Furniture titans face off with multichannel tactics despite housing crisis
Pottery Barn distributes 140 million catalogs a year; Crate & Barrel catalogs are available online
Crate & Barrel uses the platforms to promote sales and contests as well as respond to customer complaints. In addition to Facebook and Twitter, Pottery Barn boasts a YouTube channel featuring hundreds of videos, ranging from how-to demonstrations to tours of people's homes. "YouTube is the second most used search engine, so I don't think it's ever a bad idea to have a branded channel," Henderson says. "They've also been smart about the content. It isn't just advertising but lifestyle content, which is a nice touch."
Henderson says Pottery Barn clearly looks to have an online presence that is as rich as that of its physical stores. "If you want to be in the right place at the right time, you have to be in a lot of places a lot of the time," he says.
Both companies also rely upon email marketing to promote special offers and seasonal products. Each effectively uses top design and photography to communicate its brand offerings, says John Murphy, president of ReachMail, an email marketing services company based in Chicago.
"Pottery Barn communicates a very welcoming, relaxed, and definitely premium-upscale offering," he says. "Crate & Barrel communicates quality products with good design and good value. They feel closer to an Ikea than Pottery Barn."
Meanwhile, Crate & Barrel does a better job of linking its email communication to specific landing pages, says Murphy. For example, a recent email promoting a sale on cutlery brought the recipient directly to that section of the retailer's site.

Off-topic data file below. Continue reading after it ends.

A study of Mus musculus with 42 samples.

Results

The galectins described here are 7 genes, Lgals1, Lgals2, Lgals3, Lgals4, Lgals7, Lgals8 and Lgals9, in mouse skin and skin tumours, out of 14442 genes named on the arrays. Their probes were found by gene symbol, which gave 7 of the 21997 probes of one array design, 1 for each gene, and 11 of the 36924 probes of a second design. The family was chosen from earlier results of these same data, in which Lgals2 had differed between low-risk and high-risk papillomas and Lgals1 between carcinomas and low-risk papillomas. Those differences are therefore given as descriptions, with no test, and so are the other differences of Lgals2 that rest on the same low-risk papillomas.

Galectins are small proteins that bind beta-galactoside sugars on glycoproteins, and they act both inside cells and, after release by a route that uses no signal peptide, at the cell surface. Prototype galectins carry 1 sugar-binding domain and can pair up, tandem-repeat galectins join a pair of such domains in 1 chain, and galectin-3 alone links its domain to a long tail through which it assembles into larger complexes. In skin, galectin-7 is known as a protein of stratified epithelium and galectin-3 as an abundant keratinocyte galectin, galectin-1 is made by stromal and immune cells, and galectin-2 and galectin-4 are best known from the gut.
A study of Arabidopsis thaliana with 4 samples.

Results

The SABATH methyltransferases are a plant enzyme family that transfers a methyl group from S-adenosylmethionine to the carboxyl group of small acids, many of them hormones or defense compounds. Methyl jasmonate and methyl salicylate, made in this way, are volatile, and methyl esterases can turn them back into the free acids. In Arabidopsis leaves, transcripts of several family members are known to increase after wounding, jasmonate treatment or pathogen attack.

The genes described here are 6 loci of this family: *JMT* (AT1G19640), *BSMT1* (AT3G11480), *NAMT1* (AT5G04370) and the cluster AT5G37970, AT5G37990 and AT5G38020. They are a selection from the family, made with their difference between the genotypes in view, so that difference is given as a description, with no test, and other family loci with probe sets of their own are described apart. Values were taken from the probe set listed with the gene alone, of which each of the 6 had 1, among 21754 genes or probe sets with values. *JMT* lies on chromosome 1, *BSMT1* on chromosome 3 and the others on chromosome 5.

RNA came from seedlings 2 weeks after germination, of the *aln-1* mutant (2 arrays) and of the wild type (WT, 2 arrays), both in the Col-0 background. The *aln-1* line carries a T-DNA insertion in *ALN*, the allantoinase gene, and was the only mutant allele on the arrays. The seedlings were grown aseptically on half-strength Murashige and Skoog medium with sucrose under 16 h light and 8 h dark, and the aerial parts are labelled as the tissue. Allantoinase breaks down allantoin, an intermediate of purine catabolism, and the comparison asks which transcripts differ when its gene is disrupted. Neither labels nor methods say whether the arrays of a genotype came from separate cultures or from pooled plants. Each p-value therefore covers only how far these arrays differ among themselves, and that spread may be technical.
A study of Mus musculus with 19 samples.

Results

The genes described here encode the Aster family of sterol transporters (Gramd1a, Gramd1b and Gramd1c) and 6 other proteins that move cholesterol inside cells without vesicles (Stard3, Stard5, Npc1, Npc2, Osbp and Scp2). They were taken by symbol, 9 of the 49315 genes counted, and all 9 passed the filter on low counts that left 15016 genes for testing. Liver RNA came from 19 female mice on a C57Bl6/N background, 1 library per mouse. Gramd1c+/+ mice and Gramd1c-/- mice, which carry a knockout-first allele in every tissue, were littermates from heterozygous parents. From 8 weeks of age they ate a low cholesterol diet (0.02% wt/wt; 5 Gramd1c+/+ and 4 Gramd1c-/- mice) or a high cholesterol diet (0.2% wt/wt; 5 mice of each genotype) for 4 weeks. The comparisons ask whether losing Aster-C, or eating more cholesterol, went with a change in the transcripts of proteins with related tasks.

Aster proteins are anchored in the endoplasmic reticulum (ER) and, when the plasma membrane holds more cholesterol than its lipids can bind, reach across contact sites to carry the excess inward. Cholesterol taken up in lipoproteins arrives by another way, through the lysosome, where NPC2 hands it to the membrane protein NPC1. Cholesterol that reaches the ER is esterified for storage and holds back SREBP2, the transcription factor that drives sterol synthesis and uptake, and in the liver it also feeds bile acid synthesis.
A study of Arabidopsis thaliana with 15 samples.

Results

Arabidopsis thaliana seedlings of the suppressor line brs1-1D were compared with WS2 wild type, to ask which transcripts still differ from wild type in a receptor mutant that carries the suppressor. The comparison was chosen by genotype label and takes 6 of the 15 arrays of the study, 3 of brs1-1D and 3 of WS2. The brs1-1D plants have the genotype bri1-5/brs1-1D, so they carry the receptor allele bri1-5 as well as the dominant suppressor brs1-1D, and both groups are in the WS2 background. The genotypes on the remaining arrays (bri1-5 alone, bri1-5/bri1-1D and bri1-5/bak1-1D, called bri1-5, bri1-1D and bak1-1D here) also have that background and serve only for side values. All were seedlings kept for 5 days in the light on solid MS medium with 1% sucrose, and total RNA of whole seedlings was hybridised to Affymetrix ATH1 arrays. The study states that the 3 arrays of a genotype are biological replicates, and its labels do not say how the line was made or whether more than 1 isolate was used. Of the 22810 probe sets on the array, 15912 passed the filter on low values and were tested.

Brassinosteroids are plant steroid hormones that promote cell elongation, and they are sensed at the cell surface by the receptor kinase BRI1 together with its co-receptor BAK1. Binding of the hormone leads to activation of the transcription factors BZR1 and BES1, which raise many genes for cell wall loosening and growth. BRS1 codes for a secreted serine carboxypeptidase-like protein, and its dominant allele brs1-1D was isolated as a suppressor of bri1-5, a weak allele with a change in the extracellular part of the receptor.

By contrast, an email from Pottery Barn promoting free shipping on pillows did not bring the customer directly to the relevant page. "They had an interesting, clear subject with copy that drew the eye to the main offer and compelled you to click," Murphy says. "But when you clicked, there were no pillows. First you see throws, and then the next page pillow covers, and only after you get to the fourth page did you get to pillows."
Murphy adds, "The golden rule of e-commerce — don't irritate your customers — was violated here."
Despite that fumble, he gives Pottery Barn props for its email opt-out strategy. Consumers who click to opt out are first greeted with a message asking if they'd instead like to receive fewer emails. "We understand how daunting a full inbox can be," the message says.
"On the opt-out, you get to limit the volume, which is a good move," Murphy says. "There are few retailers who are handling opt-out successfully. Crate & Barrel just lets you opt out, and that's that."
Still, he says, he'd like to see both retailers allow for more tailoring of email communication. In each case, he says, messages could be more personalized.
"You have to spend money on staff and systems to do it right, but neither one of these companies is a small player," Murphy says. "There are no excuses for these companies not to be doing it."
Pottery Barn clearly continues to take an aggressive approach to direct and digital marketing. Meanwhile, smaller rival Crate & Barrel is no slouch, particularly when it comes to creating a user-friendly shopping experience online (including email communications) that reflects positively on the brand overall. Still, it is Pottery Barn's extensive multichannel strategy — including its still-strong catalog business and extensive social media footprint — that edges it slightly ahead of the competition.